Labour housing spokeswoman Moana Mackey has called on Housing New Zealand to reveal more about a proposed $43.6 million overhaul of its information technology systems, saying it has not explained how "astonishing" projected annual savings of $70 million would be achieved.
Mackey has also questioned the Crown-owned corporation about the appointment of a consultancy to provide independent quality assurance for the project.
She says she received anonymous correspondence from people who appeared to have a detailed knowledge of the project, in which it was claimed Deloitte had been appointed to the role on the wishes of Housing NZ chief executive Dr Lesley McTurk after an initial evaluation of tenders recommended appointing a different bidder.
Housing NZ is due to submit a business case for the proposed Enterprise Transformation Project to ministers next month. One option believed to have been under consideration was the installation of software from Germany's SAP.
The project has a capital budget of $43.6 million, and $17.3 million is budgeted for operating expenditure to June 2012. So far, $6 million has been spent scoping requirements.
McTurk told a select committee the initiative would involve re-engineering Housing NZ's processes, but she could not detail how the estimated annual benefits of $70 million had been calculated.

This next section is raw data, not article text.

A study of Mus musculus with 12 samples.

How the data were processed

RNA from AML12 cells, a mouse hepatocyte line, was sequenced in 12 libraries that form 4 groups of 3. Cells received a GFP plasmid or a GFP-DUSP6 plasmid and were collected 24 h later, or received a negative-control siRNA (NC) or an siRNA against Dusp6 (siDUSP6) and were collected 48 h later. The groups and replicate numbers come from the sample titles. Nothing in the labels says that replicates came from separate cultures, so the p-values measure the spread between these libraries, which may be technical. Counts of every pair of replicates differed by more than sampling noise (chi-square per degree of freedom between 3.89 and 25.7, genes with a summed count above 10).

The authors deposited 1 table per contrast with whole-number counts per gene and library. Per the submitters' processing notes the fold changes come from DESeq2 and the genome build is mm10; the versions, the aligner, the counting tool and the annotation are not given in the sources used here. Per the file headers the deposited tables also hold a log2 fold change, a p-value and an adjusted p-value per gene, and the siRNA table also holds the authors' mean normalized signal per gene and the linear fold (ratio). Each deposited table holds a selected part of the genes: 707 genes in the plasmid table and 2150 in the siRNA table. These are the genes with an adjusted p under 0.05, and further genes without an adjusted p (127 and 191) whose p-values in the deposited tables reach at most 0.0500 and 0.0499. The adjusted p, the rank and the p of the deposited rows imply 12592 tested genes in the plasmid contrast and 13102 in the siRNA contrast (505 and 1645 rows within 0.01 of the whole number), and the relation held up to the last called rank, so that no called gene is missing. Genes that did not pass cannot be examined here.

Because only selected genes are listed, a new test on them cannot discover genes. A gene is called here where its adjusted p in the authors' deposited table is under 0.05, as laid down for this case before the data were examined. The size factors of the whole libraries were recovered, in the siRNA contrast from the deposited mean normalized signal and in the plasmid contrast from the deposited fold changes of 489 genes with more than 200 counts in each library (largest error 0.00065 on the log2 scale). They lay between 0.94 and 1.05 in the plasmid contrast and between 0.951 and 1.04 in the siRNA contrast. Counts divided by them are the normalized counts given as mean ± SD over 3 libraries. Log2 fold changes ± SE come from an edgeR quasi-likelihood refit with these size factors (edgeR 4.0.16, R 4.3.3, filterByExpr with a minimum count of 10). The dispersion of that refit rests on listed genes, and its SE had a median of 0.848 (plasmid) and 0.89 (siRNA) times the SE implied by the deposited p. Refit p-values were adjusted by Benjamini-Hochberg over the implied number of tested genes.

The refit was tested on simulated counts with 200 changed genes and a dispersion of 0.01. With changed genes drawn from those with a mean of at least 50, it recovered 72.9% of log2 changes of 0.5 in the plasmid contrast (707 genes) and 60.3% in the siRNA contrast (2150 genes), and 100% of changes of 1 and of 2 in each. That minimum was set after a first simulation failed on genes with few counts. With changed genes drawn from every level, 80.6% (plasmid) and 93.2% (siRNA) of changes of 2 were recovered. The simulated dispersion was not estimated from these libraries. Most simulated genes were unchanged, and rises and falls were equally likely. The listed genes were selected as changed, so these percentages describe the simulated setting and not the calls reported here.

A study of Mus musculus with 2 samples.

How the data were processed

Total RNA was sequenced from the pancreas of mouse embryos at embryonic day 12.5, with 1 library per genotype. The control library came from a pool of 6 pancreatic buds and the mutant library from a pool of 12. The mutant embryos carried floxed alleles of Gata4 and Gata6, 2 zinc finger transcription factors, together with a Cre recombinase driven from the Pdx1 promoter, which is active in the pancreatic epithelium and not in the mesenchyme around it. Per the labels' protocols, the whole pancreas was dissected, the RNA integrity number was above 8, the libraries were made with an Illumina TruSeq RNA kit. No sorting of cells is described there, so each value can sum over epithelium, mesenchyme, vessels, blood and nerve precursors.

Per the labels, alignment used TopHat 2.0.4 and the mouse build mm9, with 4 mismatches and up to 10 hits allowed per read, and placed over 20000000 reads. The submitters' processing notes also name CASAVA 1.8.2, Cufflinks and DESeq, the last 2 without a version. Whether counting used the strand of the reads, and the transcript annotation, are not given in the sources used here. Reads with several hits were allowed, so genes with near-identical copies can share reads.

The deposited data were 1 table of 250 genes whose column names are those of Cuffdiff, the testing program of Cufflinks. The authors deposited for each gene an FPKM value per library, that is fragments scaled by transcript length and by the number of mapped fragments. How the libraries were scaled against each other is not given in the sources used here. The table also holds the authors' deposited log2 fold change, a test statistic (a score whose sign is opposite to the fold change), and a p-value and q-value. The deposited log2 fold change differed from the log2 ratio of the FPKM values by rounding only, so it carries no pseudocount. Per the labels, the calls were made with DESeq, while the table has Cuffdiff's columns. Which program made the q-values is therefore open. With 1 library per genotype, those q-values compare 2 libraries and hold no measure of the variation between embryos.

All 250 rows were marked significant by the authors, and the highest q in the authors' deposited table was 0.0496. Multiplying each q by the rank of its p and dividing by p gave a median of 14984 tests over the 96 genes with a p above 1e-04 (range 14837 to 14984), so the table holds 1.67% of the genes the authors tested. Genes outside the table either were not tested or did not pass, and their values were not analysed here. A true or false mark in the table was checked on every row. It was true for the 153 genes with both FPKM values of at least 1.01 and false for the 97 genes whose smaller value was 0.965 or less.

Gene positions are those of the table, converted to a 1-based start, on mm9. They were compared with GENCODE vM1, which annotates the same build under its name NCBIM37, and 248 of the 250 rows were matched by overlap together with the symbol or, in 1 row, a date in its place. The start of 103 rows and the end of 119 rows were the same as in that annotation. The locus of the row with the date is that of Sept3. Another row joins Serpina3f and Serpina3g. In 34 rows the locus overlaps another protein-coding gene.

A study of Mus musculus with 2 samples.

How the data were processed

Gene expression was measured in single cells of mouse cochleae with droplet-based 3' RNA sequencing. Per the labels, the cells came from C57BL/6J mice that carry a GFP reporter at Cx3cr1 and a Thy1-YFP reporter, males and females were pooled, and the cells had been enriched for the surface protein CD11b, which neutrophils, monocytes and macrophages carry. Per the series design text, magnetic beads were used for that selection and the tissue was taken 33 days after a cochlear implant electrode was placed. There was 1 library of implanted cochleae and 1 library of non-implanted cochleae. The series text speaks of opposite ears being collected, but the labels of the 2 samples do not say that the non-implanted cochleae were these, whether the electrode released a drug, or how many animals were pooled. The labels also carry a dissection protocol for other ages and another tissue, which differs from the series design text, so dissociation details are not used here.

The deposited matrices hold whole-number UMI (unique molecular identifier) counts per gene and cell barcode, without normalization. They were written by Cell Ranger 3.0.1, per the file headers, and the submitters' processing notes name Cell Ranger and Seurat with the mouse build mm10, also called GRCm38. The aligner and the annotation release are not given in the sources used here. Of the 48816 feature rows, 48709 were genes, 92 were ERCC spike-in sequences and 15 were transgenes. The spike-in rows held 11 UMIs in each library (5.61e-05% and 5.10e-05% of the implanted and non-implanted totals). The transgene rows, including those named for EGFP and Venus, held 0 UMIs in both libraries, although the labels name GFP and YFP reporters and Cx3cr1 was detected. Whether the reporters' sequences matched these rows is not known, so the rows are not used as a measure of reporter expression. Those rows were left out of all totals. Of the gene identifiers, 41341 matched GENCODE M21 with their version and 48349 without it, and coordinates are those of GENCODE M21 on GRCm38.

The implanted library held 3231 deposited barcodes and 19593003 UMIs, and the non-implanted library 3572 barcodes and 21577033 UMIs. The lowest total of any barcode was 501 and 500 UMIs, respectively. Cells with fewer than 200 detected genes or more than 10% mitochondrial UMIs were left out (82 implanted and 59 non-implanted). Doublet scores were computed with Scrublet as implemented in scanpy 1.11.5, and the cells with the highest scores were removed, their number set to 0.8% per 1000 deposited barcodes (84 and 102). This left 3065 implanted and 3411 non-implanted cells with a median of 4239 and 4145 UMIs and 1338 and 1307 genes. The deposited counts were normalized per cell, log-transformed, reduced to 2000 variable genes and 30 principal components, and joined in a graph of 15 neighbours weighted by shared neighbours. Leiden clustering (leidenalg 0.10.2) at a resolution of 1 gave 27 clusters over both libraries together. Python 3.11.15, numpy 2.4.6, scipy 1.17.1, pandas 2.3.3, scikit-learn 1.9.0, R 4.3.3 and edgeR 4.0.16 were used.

Housing NZ chairman Pat Snedden said many of the corporation's processes and IT systems dated back to 1992 and had been repeatedly adapted.
"If we are to refit ourselves for a future environment where we've got to be a lot more efficient and economic ... then we have got to address the issues that have been hampering our business processes."
Corporate services manager Roy Baker says $70 million is "the maximum value" of the proposed performance improvements which would be explained later. The business case is being checked by Independent Quality Assurance New Zealand and independently reviewed by KPMG.
Baker says Deloitte was appointed Housing NZ's strategic partner following a robust evaluation of tenders, after an initial evaluation panel over-stepped its brief.
"An evaluation panel and a steering group to guide the selection of a strategic advisor were set up from the start. It was always intended that the evaluation panel would report [its] results to the steering group which would make the final decision, as it was the only body capable of making a strategic decision.
"The evaluation panel was asked to put forward two candidates. Instead it put forward two candidates and expressed a preference. The steering group set aside the preference, and reviewed both candidates from a strategic perspective, as was originally planned. Following that evaluation, the group decided to appoint Deloitte."
Mackey says MPs are none the wiser as to what the corporation aims to achieve.
"What are we doing so badly now, that you can achieve $70 million in savings?"